Our Vision for the Future - An essay by Hans Georg Näder
We’re standing on the threshold of a new age in which digitalization, the rapid rise of artificial intelligence and the triumphant advance of robots promise a new long wave of growth and prosperity, while simultaneously raising the fundamental question of what constitutes the essential core of human existence. Will man remain human or will he be enslaved by the machines, or will he possibly mutate into a new Nietzschean Übermensch, who thanks to technical modifications and continual upgrades of his physical and cognitive capabilities, will ultimately raise himself above the evolution of nature – or as we Christians say, above creation? For Ottobock and my family these questions can be answered – at least in general terms. Our set of values and ethical coordination system is clear and simple. Our corporate vision is to get as close as possible to the human model of nature. We deploy all the technological possibilities in order to improve the human body and to model it as closely on nature as possible. However, the more we attempt to copy nature, the more we realize how complex it actually is. The more secrets of nature that we decode, the more speechless we become in the face of the wonder of divine creation. That’s why over the last 100 years we’ve learned humility and respect for creation. We know that not everything that is technologically possible is also ethically defensible.
Unfortunately politics is leaving us entrepreneurs, scientists and company founders alone with the decisive questions of our future. The public discourse on questions of artificial intelligence and robotics is hopelessly lagging behind the rapid technological developments. does Europe even have a chance to compete technologically with the militaristically motivated innovation driver USA and the authoritarian Asian states such as China with their consequent propensity for unscrupulousness? Is it not time for a European coordinated project with huge financial resources to finally establish its own cluster, linking together basic research, application research, industry and start-ups?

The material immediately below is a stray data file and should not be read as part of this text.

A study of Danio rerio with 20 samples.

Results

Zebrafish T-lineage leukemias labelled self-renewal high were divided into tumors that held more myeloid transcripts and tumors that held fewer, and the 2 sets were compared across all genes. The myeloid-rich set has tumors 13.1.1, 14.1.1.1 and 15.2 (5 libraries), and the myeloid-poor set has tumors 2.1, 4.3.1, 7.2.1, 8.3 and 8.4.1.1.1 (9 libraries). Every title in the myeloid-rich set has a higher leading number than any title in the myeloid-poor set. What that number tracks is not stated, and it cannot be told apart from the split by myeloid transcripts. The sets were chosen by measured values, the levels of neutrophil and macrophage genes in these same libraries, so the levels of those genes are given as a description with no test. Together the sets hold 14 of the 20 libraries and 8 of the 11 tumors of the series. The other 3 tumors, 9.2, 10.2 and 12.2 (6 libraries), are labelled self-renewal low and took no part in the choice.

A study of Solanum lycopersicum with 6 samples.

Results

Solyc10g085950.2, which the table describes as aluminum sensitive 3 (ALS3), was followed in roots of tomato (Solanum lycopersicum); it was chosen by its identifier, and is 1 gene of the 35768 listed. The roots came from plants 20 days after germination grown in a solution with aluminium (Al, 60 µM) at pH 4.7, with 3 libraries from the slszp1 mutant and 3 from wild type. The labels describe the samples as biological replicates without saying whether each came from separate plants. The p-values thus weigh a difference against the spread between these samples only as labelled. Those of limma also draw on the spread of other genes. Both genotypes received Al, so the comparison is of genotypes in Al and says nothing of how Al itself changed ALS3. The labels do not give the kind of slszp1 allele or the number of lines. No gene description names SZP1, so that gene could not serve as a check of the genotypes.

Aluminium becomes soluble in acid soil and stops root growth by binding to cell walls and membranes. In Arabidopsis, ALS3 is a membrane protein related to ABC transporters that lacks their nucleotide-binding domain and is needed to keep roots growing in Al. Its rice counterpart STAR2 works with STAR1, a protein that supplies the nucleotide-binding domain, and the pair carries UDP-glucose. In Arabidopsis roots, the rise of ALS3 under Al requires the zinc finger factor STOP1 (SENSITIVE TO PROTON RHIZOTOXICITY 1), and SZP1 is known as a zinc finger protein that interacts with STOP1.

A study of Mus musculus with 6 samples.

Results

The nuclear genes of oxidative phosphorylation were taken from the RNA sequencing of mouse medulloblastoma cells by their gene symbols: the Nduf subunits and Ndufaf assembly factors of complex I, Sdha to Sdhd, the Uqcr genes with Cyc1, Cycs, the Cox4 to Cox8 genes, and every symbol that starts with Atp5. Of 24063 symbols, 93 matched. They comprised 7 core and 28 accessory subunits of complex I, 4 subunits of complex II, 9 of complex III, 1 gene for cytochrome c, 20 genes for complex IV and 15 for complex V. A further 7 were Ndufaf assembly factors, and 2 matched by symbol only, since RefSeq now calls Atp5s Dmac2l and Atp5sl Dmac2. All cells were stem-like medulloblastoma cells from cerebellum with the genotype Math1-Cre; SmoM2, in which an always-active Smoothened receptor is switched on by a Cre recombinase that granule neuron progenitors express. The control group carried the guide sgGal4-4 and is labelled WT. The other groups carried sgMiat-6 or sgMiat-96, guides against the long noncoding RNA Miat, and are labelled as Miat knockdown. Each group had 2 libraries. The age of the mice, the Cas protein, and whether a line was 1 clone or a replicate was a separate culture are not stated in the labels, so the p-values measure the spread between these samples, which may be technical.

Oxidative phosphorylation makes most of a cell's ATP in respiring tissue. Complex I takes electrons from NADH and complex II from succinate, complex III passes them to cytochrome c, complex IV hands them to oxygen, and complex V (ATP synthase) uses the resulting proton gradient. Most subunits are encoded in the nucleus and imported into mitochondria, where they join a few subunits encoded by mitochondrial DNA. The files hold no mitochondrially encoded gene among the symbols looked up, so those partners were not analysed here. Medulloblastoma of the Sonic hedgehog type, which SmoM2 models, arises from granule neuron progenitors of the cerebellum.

In the meantime, many people no longer give Europe a chance in the struggle over technological leadership. However, we shouldn’t prematurely admit defeat in this area. We can continue to live with damaged streets and airports that are never completed, but we mustn’t fall behind when it comes to artificial intelligence. Shouldn’t we reflect positively on the strengths of the European economic model here? Social balance, a democratic disposition, respect for people and basic rights are the ideal preconditions for Europe to forge its own path in the development of artificial intelligence and robotics – at least to conquer a small niche while the superpowers are caught in a clinch fighting over digital world dominance.
With respect to artificial intelligence and robotics the central question is: will they serve us or dominate us? This discussion on new technologies cannot be restricted to technical issues. It’s also a political and cultural debate on the question of how we humans want to live and work in the future. That is why politics and society must answer the following questions: can one achieve a social agreement that machines will not dominate humans? Can one teach machines human empathy, a sense of responsibility and social behavior like little children, or irreversibly program them with a respect for the inviolable dignity of humans? How far should the technological enhancement of the human body go? What humanistic limits do capitalism’s neoliberal optimization and control pretensions have? Is it permissible to completely dissolve the boundaries of the body and to economically exploit it? These fundamental questions are neither raised, let alone answered.
The permanent failure of politics and society to answer these questions has resulted in the extreme popularity of the dystopian fantasies of Hollywood films on the one side, and the sharp critique of the uncontrolled use of artificial intelligence, for example that from Stephen Hawking and Elon Musk, on the other. It is high time to clarify these issues, before justified fears harden into technophobic prejudices which will subsequently block progress. We need a social and political discourse on the ethical limits of the new technologies. As part of this dialogue, and distinct from the USA and Asia, we should reflect on the virtues of the Enlightenment. As it is, civil society’s capacity for discourse in the majority of European states is already being threatened by the erosion of democratic processes. If we succeed in organizing a serious and productive discourse around these existential questions, then this will imbue all institutions with new energy and legitimacy.
I appeal for an independent European narrative: between the uncritical and sectarian-euphoric faith in progress of Asia and the USA on the one side, and the dystopian fantasies of the overpowering of humans by machines on the other, we need a new and by all means optimistic narrative of the development of Homo sapiens into Homo technologicus.
You can find the entire article in the book Futuring Human Mobility. The trade edition will be published in Spring 2019.